Muang Mai Market in Chiang Mai, Thailand, is touted to be among the largest fruit and vegetable markets in the world. It’s the largest wholesale market in this northern Thailand city of 150,000 residents (almost 1 million live in the metropolitan area), and stand after stand—dozens of them along three primary paths—offers a galaxy of colorful, delicious fruits such as common staples bananas, mangos and watermelon as well as tropical delights such as dragon fruit, durian and rambutans.
The market meanders into several small outcoves, often loaded with pineapple or watermelon, and spills into several large open-air buildings that resemble airplane hangars. In these hangars, bananas, including varieties such as the small lady finger bananas, especially reign supreme and can be bought cheaply. Two hands each of 12 to 16 near-ripe nanners fetches about 100 baht ($3.33), with ready-to-eat bananas costing less.
Some raw fooders might have a hard time stomaching the sights and smell of animal and fish flesh sold in the market, but once you’ve walked around the market a few times, these areas can be mostly or even entirely avoided.
Is Muang Mai Market a fruit lover’s paradise? In many ways, yes, but in some ways, no. Heading into Muang Mai Market the first time, in mid-October, I had, admittedly, unfair expectations. Anything short of everything—meaning the selection—would be a bit of a letdown. A morning favorite, oranges, are harder to come by and quite pricey in comparison with other fruits, and berries—my strawberries!—are nowhere to be found. Jackfruit, which had been my most-sought-after fruit in the time leading up to my journey, isn’t as easily found as I had imagined. Most of the jackfruit I see in this market are smaller fruits, which I’ve learned cannot be eaten raw.
On the plus side, I’ve gotten to sample some fruits, including the ridiculously tasty mangosteen and passion fruit, new to me and have many more to taste! Snake fruit, whose deep-red shell resembles strawberries, offers a sharp sweet and acidic taste inside that dances on the tongue! With mangosteen and passion fruit, it’s among my early favorites but definitely not fruits for monomeals. Cheap mangos, whose price here varies widely (20 to 65 bhat, or 67 cents to $2 per kilogram, based on ripeness and quality) but which ordinarily cost $1 apiece in Greater Philadelphia, are refreshing!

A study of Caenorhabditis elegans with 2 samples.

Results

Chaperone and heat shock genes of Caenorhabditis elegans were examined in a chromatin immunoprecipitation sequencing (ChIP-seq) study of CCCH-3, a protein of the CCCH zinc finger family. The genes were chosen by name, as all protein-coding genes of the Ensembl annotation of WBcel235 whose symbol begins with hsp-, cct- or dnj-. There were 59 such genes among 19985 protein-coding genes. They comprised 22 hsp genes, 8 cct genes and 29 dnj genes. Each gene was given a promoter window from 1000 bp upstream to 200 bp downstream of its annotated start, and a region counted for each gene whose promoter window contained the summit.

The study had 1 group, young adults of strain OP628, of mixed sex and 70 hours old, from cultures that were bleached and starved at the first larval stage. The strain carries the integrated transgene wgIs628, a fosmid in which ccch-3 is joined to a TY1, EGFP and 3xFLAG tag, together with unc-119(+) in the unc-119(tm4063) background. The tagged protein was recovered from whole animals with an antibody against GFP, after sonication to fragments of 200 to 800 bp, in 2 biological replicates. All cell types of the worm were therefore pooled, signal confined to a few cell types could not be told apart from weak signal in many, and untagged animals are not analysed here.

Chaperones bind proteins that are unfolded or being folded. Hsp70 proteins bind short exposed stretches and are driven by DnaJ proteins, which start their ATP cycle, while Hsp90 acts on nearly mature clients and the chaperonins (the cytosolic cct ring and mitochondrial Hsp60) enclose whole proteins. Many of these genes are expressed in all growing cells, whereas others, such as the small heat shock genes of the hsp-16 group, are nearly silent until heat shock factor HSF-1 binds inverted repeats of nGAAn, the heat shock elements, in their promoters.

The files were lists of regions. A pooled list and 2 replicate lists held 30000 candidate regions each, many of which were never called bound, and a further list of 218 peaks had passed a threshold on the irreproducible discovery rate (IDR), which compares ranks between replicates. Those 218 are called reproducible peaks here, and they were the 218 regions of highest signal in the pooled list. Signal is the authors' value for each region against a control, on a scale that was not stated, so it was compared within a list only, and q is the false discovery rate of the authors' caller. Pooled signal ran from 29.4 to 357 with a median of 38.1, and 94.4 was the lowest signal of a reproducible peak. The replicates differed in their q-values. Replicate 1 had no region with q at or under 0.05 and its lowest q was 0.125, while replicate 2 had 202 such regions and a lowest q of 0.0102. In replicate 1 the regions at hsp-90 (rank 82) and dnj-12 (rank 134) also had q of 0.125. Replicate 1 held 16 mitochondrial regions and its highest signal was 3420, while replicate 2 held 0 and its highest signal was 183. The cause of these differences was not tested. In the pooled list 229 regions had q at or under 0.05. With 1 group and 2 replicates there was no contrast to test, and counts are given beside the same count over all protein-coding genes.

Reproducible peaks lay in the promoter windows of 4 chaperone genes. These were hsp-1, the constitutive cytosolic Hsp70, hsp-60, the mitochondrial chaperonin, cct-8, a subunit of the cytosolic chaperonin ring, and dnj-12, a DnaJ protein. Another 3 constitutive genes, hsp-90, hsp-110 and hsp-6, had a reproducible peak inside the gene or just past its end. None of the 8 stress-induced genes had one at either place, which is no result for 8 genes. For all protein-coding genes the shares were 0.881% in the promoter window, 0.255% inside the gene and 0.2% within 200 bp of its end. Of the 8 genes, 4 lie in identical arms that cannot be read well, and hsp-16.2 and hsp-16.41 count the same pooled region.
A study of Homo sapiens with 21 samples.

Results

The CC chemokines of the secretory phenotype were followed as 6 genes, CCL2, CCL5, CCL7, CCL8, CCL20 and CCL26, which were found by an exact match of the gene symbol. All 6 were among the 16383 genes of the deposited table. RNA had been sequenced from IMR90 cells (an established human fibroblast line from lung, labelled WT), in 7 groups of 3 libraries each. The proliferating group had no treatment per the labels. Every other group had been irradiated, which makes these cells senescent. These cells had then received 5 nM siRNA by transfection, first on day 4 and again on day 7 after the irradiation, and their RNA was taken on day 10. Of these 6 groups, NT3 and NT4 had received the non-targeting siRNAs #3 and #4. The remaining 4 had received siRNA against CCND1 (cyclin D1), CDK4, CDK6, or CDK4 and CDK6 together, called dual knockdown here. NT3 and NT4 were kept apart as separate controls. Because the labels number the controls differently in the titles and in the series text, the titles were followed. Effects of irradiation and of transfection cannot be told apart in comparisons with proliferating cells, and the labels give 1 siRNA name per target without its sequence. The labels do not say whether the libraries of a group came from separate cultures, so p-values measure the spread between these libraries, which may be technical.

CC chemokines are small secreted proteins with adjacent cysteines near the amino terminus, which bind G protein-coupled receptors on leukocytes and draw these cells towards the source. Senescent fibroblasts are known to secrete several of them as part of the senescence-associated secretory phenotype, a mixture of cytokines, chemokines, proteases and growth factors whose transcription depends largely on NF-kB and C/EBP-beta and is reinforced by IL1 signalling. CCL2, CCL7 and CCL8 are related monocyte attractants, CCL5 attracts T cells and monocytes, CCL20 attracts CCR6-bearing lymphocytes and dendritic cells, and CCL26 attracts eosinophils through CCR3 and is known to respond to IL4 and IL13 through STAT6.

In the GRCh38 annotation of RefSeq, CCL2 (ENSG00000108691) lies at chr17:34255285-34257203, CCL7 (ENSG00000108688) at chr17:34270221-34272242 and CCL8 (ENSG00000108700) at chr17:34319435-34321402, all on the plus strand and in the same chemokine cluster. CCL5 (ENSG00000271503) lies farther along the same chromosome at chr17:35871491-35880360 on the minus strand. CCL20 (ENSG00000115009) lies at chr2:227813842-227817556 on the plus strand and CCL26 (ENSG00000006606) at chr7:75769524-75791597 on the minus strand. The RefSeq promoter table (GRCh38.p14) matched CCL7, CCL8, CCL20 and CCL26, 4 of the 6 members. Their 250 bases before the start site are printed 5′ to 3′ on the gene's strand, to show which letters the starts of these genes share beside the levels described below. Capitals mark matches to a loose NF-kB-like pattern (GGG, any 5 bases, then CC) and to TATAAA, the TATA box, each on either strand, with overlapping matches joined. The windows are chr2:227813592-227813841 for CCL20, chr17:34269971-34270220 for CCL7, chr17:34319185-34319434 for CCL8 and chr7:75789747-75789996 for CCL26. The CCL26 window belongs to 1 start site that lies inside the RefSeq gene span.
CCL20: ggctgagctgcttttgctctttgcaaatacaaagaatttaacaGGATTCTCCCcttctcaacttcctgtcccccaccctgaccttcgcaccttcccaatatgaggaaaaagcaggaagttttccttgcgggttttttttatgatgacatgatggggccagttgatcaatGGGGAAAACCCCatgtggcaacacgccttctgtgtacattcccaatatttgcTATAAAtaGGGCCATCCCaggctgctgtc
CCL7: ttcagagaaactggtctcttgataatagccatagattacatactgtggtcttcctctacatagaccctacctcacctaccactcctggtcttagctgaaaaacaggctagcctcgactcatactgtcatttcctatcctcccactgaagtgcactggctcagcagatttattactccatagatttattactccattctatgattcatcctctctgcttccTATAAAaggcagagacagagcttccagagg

As for durian, let’s say this fruit eater hasn’t fallen yet for this strongly scented, spiky fruit, known to have an acquired taste but is a favorite among many.
Greens leave a lot to be desired despite being available in great quantities. Butter, red leaf and romaine lettuces and celery, which Westerners are familiar with, aren’t readily available at Muang Mai Market, and some locally grown varieties aren’t too palatable. I see green leaf lettuce at many stands but am aware they’re likely sprayed heavily with pesticides, some of which are outlawed in the United States. Luckily, the small market Baan Suan Pak, offering organically grown lettuces, celery, tomatoes, peppers and other foods, is nearby.
In traveling the past month, I’ve learned how much I took for granted that the United States grows—and imports—so much food. Additionally, despite the large selection of fruits in Muang Mai Market and throughout Chiang Mai, I’m finding I still gravitate toward old favorites because I know I can make a meal out of them. This might change—if I can get a hold of jackfruit regularly.